Wagering on policy markets can seem challenging, but public opinion polling and political context can provide valuable clues
Luckbox readers have a lot to say about student debt forgiveness.
“Students shouldn’t be saddled with crushing debt while starting off in life,” wrote one reader.
“You take out a loan, it’s your responsibility to pay it back,” wrote another.
All in all, more than 72% of readers indicated they opposed forgiving up to $10,000 of a borrower’s federal student loan debt, according to the latest Luckbox Readers Survey. That number balloons to over 82% when asked about forgiving all of a borrower’s federal student loan debt.
Support or opposition aside, those with strong convictions about what will actually transpire can wager on the outcome, thanks to prediction markets. A variety of legislation-related markets attract traders to predictit.org and kalshi.com: from rescheduling cannabis under the Controlled Substance Act to passing Build Back Better before the midterm elections.
But prediction market traders need more than just hunches to profit consistently in policy markets. Short of a direct line to Congress or President Joe Biden himself, public opinion polling may be traders’ most valuable resource. In the spirit of this issue’s higher education theme, let’s use Kalshi’s “Student debt forgiveness becomes law by
Dec. 31, 2022” market to demonstrate how.
The pulse of the polls
An NPR/Ipsos poll found that 55% of Americans surveyed supported forgiving up to $10,000 of a person’s student loan debt. The same poll found that 47% supported $50,000 in forgiveness, and only 41% supported total student loan forgiveness.
That slim majority in favor of $10,000 of student debt forgiveness should hypothetically put the odds of the policy becoming law a little greater than calling a coin toss. Yet, at press time, the respective prediction market at Kalshi has the odds considerably higher, with “Yes” shares trading for 60¢. And they’ve traded as high as 76¢ in the past.
Why that might be
Is the market mispriced? Do its traders know something the pollsters don’t? One possible answer, according to the hosts of The Prediction Trade podcast, lies deeper in the granular polling trends and the political context surrounding them.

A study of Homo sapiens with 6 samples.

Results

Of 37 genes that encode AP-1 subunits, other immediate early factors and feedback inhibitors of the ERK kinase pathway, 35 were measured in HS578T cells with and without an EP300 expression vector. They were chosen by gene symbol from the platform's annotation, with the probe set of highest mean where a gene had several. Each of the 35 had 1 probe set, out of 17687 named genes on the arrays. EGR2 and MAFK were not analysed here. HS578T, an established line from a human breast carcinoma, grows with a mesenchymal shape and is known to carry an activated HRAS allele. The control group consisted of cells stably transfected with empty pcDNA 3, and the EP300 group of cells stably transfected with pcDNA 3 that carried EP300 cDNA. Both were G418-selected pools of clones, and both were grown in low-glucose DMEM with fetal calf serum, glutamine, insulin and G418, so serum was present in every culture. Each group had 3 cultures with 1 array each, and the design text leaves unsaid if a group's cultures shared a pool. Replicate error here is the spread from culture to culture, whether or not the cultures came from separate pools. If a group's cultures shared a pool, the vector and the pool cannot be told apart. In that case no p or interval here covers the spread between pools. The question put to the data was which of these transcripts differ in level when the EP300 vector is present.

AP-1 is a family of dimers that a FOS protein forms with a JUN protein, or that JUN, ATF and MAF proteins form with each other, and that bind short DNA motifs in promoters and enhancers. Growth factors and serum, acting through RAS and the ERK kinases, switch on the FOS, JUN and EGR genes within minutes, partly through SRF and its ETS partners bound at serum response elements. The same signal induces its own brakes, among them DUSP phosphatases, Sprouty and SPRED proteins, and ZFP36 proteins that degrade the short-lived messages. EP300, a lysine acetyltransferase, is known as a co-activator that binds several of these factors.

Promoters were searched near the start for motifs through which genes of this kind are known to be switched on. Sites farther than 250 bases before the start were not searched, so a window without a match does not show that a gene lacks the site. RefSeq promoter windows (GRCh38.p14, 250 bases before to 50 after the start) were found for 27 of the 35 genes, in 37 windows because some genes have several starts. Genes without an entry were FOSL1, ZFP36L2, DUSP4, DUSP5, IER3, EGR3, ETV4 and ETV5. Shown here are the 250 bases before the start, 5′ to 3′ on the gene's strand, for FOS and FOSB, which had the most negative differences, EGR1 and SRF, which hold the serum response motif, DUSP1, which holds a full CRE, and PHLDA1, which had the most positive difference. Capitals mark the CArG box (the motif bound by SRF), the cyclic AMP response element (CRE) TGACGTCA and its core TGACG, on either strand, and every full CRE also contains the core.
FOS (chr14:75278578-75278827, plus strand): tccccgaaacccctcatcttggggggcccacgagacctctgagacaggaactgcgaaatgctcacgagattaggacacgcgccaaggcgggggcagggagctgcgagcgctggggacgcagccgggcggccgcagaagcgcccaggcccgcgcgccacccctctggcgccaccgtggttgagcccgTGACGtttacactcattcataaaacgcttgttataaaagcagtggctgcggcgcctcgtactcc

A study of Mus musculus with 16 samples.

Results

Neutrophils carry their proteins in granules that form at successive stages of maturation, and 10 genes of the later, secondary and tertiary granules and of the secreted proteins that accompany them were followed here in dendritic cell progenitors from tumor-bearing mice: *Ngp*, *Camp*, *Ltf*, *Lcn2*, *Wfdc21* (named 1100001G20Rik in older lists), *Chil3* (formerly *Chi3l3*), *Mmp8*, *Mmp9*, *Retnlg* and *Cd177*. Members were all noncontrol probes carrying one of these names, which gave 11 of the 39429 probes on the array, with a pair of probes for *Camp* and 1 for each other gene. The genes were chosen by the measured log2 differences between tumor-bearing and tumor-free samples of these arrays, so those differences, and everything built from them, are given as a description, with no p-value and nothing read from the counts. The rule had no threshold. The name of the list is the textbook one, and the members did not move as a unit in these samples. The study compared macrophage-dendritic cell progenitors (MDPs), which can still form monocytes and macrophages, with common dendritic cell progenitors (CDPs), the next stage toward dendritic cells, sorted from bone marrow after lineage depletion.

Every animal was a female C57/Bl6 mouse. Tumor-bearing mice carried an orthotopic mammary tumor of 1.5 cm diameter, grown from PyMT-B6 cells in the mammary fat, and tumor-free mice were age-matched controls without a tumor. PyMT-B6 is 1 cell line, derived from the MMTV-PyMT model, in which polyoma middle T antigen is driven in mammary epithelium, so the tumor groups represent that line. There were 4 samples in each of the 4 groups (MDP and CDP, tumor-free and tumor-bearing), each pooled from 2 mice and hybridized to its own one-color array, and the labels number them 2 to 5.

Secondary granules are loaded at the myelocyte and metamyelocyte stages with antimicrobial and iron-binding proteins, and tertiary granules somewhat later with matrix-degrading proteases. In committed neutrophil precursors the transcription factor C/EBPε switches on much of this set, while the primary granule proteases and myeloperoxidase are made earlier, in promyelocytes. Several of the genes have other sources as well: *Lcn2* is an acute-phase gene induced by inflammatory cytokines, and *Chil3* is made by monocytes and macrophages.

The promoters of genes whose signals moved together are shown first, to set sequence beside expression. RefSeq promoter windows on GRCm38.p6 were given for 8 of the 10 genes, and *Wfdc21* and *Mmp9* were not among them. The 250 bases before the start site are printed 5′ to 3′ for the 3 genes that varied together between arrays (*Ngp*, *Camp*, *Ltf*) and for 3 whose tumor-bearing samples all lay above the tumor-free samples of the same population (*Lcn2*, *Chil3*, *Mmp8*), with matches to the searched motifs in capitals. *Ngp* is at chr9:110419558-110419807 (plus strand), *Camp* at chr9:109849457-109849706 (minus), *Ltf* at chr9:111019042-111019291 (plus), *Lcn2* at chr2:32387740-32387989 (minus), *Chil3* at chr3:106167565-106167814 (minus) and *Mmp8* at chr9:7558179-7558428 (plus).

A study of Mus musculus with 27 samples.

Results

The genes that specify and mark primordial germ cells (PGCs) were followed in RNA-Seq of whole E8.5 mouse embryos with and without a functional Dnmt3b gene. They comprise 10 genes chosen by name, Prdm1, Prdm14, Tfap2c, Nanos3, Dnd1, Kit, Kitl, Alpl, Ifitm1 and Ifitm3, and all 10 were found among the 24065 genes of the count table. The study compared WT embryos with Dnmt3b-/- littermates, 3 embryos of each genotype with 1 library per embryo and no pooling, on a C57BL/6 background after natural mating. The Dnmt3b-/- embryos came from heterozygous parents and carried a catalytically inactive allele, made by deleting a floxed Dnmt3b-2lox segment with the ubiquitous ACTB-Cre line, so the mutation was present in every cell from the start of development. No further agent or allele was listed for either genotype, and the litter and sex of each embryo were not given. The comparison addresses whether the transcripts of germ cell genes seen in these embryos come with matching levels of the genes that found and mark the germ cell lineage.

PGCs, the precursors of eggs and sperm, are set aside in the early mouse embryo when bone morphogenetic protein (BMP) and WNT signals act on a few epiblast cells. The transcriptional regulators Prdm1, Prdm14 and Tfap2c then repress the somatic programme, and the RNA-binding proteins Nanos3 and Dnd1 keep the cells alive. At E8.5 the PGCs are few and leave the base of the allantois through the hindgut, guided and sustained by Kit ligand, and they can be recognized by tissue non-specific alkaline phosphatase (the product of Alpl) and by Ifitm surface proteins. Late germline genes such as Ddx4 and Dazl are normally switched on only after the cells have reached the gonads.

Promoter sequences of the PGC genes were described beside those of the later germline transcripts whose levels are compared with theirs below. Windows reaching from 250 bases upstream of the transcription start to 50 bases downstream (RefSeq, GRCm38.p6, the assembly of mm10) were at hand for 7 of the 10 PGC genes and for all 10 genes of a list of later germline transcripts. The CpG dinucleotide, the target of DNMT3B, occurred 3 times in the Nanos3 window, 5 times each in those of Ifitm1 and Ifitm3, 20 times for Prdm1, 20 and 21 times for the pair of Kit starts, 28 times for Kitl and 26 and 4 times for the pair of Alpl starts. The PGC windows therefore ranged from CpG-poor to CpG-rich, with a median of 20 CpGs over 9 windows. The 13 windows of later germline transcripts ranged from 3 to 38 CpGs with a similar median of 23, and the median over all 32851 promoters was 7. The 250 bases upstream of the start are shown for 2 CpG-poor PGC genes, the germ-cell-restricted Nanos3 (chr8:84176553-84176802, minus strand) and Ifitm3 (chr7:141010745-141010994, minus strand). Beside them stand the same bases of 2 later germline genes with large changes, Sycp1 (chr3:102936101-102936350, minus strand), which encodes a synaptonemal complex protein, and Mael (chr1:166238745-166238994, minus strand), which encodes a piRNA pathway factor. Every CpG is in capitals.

Three-quarters of respondents to an intelligent.com survey—all of whom are registered voters—said a midterm candidate’s stance on student loan debt cancellation was “very” or “somewhat” important to them. Nearly 80% of those respondents also indicated they supported at least $10,000 in student loan debt cancellation per borrower.
Similar sentiments are echoed elsewhere. According to Harvard University’s Spring 2022 Youth Poll, 85% of young Americans (ages 18 to 29) favor some form of government action on student loan debt, 38% of whom favored total debt cancellation.
The Harvard Youth Poll seems especially noteworthy because, more so than any other age group, 18-to-29-year-olds have displayed the steepest decline in approval of the Biden presidency, according to Gallup. The 61% of 18-to-29-year-olds who approved of Biden’s presidency from January to June 2021 shrank to 38% from September 2021 to March 2022.
Moreover, 94% of Democratic voters in that age group feel their party should nominate someone other than Biden to lead the 2024 presidential ticket, a July New York Times/Sienna College Research Institute survey indicated.
The discouraging poll results come just before a pivotal midterm election. Both FiveThirtyEight and RealClearPolitics, two polling aggregators, forecast that party control of the Senate after the midterms is a toss-up. And both currently give Republicans a slight edge.
Pair that with a string of headlines like Forbes’ “If Student Loans Don’t Get Cancelled, Borrowers Threaten To Vote Against Democrats” and Politico’s “Dems fret Biden’s inaction on student debt will burn in midterms,” and it’s far less surprising that the markets give the edge to forgiveness becoming law.
It’s important to keep in mind that polling doesn’t necessarily translate into policy. That said, it does paint a telling picture of voter sentiment—and what policy decisions could help or hinder a political party ahead of an election.
Even if student debt forgiveness doesn’t become law by the end of the year, the traders who bet that it would have had ample opportunity to sell their shares for a profit.